What is the key to tempting email marketing?

We can’t always explain why we do something or want something. Why did you choose that particular brand of deodorant in the supermarket earlier, for example? Probably because you’ve used it before, knew what to expect, and it was a reasonable price. But why did you open that email from one brand today, and not the other email from a similar brand a few days ago? It’s a little harder to explain.

There are a few keys to tempting email marketing that, while not subliminal, are certainly a little sneaky. But they’re also effective, and so any email marketer not unlocking the door to temptation is definitely missing out.

Fear of missing out

It’s that same fear of missing out (or FOMO) that tempts many customers into opening your emails, and this all comes down to the quality of your subject line. It could be tempting for you to write your subject line in all caps, with emojis and exclamation points at either end in a bid to get attention, but that’s more likely to turn off your recipients rather than inspire them to open.

Instead, craft a subject line which instils a sense that they stand to miss out by not opening. This could be a tantalising tease of your special offer; it could be a reference to the amount of people who have already taken advantage of the offer; it could deliver a sense of urgency, in that the offer will only be available to them for a short amount of time.

Remember: a sense of mystery in your subject line is a sure-fire way to attract an open – you just better make sure that your email delivers on the recipient’s curiosity once they do.

A CTA too good not to click

What good is tempting your recipients into opening an email, only for them to leave the interaction there? OK, so they’ve been exposed to your brand and you’ve raised awareness, but after all the hard work you put into your subject line, anything other than tempting them to click through is arguably disappointing.

That’s why your email and eventual call-to-action (CTA) has to be special. It should build on your subject line, in that it confirms what you were teasing; but through effective use of imagery and copy, it should also deliver on what your recipient has learnt in your email. Having said all that, the copy in your actual button itself should be short and precise. Tell people exactly what you want people to do in your CTA, and they’re far more likely to do it. You could even repeat your subject line in your CTA – a trick used by many advertising copywriting greats. It’s certainly worth testing, anyway.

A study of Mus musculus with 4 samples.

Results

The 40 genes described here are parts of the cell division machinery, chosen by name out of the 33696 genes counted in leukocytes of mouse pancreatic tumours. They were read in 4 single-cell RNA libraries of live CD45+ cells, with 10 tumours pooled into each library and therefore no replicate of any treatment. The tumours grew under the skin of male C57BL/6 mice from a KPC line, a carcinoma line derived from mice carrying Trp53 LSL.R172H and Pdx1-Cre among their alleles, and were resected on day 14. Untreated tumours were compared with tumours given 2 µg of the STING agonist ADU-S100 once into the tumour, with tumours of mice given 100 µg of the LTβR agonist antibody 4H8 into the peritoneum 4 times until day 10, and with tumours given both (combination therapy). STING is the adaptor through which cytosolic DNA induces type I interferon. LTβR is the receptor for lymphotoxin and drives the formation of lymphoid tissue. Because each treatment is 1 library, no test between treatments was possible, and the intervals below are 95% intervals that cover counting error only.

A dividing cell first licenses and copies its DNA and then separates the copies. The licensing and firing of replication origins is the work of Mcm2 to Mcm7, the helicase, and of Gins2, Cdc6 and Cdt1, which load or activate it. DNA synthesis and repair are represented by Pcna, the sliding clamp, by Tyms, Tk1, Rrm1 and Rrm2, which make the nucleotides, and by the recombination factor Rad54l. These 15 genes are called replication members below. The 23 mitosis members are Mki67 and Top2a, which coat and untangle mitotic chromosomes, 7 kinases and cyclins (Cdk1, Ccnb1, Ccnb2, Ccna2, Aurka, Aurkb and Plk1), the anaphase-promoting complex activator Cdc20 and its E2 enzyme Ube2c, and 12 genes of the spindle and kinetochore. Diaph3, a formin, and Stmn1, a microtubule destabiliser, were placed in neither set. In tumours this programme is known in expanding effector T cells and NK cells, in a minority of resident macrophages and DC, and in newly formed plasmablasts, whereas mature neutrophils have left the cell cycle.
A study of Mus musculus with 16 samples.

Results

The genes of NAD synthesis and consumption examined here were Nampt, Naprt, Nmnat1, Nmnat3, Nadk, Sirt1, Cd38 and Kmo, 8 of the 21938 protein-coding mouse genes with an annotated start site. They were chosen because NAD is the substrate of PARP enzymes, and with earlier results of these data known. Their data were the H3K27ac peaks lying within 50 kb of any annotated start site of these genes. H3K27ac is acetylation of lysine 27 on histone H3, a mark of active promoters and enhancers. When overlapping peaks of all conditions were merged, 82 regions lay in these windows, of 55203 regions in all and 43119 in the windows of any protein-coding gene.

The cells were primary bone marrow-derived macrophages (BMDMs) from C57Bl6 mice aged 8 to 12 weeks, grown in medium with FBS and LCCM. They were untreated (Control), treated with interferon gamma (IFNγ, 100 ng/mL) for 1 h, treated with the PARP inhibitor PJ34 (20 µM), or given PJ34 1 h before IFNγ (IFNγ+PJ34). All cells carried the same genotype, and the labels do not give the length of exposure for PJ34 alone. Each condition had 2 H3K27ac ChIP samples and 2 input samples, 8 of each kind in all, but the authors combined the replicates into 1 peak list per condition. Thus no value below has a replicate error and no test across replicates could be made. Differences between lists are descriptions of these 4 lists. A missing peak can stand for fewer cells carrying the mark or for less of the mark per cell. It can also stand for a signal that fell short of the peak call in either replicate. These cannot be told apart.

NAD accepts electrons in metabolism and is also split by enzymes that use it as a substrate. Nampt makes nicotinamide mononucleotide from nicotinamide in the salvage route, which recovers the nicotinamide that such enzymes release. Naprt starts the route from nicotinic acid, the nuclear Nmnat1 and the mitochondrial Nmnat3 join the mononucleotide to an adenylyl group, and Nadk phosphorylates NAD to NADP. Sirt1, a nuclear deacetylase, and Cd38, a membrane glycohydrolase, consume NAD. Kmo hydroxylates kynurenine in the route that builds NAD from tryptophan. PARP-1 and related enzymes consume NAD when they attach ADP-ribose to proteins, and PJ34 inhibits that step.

Your email should only have one CTA (after all, it’s your email’s only goal; you don’t want to distract people by also advising that they click through to somewhere else), but feel free to repeat it throughout your email. Optimising means testing and adjusting – never settle on your first send.

The right time to seal the deal

With a well-thought out email workflow, you’ll never have to settle on your first send. Think back to the opening paragraph in this article – why do you think you open an email from one brand on a particular day, but not a similar email from a similar brand another day? It could be because that first brand has been nurturing you as a lead for several weeks, and has decided that you’ve reached the perfect place in the buying cycle that you’re likely to click through and purchase.

It just goes to show that segmenting your lists in email marketing is crucial. By targeting customers at different times in the buying cycle, you can tailor your subject line and email content to those at that stage. Sending the same message to all of your contacts at the same time is counter-intuitive; instead, research how many times your contacts have visited your website; when they last purchased; patterns in their previous purchases etc.

Temptation isn’t always needed in email marketing; sometimes, it’s just about giving the people exactly what they want, right when they need it.